Like many retailer planners and operators, the August heat doesn’t make me think about cool drinks on sandy beaches. Instead, it brings to mind thoughts of snow, chestnuts roasting on an open fire and yes, retail centers filled with shoppers (who are carrying filled bags of merchandise)! It is around this time of year that retailers are finalizing their plans for the holiday season. As you prepare, keep in mind the following points for making your season a strong one.
Start With The End
A retail best practice is to keep notes on what happened at the end of a season — what worked, what didn’t and why, so you can apply those insights to the next year. Take your post mortem on issues like promotions, staffing, scheduling and traffic and compare how inputs such as promotions influenced customer traffic. Then, observe how your staffing and scheduling decisions resulted in sales performance. The two primary questions you want to answer are:
- Did my promotional activity drive customer traffic?
- Once they arrived at my stores, did my customers receive the intended experience, resulting in a purchase?
Store traffic behavior during the period between Thanksgiving Week and New Year’s is highly predictable. Black Friday is always the biggest shopper traffic day of the year, and each Saturday in December is progressively larger as you approach Christmas Day. ShopperTrak posts the Top 10 shopping days each year, and what has been observed is that these 10 dates account for 38%-40% of all shopper traffic for the holiday season.
What that means is that if you don’t schedule your associates and stock your stores accordingly, you are risking your entire season. If you count traffic, take a look at your own historic Top 10 dates to see how you should instruct your stores. Why the focus on traffic instead of sales? Sales are a result, while traffic is your opportunity to engage a customer and end up with a better result.
Get Shifty With The Calendar
Every year, there are prognostications on how the number of days between Black Friday and Christmas Day, or the intensity of Cyber Monday or the expanded November promotional offerings will impact shopper behavior. It’s actually simpler than that. The question is, how many Saturdays are there before Christmas Day, and that is based upon the shift of Thanksgiving Day and the standard calendar movement for the exact day of the week where Christmas Day falls. The past two years, there have been four Saturdays leading into the holiday. And just as it did last year, there will be a fifth Saturday before the new year arrives. These shifts of the calendar will increase the importance of Saturday and this includes Dec. 29, 2018, which should also be one of the biggest traffic days of the season.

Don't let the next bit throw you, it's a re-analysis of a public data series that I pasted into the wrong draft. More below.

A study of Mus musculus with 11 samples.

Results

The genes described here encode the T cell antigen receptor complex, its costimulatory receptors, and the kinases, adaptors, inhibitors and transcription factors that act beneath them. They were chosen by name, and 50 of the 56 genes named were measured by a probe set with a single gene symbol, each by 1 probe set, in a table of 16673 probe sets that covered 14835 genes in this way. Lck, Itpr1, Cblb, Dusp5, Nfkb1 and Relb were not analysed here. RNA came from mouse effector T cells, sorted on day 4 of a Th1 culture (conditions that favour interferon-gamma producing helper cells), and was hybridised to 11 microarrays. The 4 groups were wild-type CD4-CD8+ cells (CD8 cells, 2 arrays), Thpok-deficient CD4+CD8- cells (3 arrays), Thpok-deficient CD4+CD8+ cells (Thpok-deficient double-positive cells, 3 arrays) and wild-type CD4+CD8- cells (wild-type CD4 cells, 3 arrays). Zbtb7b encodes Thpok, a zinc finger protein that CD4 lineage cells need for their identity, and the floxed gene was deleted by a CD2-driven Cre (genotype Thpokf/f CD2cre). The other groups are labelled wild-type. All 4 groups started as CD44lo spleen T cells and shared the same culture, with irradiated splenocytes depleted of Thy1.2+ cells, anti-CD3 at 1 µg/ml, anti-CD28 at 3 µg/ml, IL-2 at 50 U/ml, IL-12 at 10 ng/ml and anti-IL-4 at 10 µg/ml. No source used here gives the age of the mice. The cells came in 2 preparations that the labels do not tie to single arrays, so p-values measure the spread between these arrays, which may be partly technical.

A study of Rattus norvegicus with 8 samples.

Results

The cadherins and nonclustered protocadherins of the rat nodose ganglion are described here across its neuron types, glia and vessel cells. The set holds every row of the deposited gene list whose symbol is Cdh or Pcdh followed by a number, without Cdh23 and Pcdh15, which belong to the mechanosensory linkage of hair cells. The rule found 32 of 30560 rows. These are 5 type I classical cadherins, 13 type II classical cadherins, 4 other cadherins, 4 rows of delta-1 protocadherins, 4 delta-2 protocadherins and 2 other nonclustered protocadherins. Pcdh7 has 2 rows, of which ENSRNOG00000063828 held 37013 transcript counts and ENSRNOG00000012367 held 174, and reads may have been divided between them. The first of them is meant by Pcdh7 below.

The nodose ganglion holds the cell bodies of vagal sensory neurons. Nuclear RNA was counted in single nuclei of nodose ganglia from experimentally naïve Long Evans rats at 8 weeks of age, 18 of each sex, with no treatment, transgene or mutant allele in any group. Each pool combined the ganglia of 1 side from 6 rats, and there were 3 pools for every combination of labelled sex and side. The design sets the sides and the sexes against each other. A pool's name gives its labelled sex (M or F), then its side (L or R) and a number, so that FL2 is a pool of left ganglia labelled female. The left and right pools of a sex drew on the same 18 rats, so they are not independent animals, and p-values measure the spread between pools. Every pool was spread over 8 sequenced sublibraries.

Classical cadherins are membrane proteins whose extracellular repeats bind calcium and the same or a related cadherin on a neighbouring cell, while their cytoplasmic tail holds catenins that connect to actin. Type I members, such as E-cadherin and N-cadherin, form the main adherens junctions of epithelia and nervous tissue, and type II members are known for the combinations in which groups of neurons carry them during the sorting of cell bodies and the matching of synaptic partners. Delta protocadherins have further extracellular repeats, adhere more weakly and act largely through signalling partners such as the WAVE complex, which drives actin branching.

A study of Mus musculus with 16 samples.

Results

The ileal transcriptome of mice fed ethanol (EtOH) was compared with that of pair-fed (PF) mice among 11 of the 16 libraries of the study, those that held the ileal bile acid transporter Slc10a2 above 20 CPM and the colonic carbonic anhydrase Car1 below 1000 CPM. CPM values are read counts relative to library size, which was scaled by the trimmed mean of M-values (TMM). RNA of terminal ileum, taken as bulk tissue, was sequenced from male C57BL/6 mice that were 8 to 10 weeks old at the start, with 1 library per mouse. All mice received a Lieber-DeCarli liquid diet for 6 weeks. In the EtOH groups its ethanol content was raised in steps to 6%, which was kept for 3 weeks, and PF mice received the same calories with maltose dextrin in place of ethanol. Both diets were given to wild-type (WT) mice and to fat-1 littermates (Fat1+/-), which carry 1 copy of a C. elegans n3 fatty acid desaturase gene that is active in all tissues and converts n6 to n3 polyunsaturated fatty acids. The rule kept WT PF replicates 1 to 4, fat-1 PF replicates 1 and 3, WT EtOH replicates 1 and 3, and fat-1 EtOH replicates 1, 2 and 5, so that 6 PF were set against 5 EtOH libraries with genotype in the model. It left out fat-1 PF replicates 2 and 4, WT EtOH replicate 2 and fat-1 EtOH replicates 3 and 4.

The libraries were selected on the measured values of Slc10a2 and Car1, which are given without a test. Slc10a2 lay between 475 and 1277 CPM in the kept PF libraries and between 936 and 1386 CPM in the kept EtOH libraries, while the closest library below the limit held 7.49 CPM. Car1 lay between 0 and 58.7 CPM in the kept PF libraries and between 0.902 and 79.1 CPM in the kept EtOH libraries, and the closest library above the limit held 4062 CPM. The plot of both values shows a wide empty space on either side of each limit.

Continue Hiring (You Should Have Already Started)
With an unemployment rate hovering below four percent, it’s getting harder to attract potential employees. That’s one of the reasons that some retailers began their seasonal hiring program in July. This will make it even more important to hire (and keep) employees as soon as possible, so that they can be onboarded, trained and productive long before the first snowflake falls.
For some retailers, hiring began with the back-to-school season. For those organizations, it would yield even better performance to keep those temporary associates on through the end of the year. We looked at the cost of obtaining a seasonal employee compared to the potential cost of keeping them on. What we found was that the difference between keeping a trained associate vs. letting them go and trying to rehire them (or hiring someone else) was favorable to keeping them on. Additionally, since they were still on the team, they had the ability to drive further revenues; a win for everyone.
Forecasting For Service
One last note on preparation. Typically, someone within the retailer’s organization projects anticipated sales for each store and for the brand as a whole. That number becomes the one that any other projection is based upon, such as traffic expectations and labor hours. Too often retailers inaccurately forecast traffic by backing into traffic assumptions based upon transaction counts. The result? Gaps in service when scheduling associates.
A more accurate way of determining staffing needs is to start with a forecast of traffic and to integrate the upcoming calendar shift patterns addressed above into traffic assumptions. Getting your staffing right and scheduling associates for the right days at the right times will go a long way towards providing your customers with your intended experience, and keep them coming back well beyond the holidays.
Brian Field is the Senior Director of Retail Consulting Practice for ShopperTrak, where he oversees the application of ShopperTrak’s proprietary solutions to retailer-specific issues across different functional areas in order to drive top and bottom line store performance. Prior to joining ShopperTrak, Field served in roles of increasing responsibility at Chico’s FAS Inc., including as the director of corporate store operations and finance. He has spent nearly four decades in the industry, and his experience includes: store sales and management, training, merchandising, strategic planning and analysis for brands as diverse as David’s Bridal, Circuit City and Macy’s.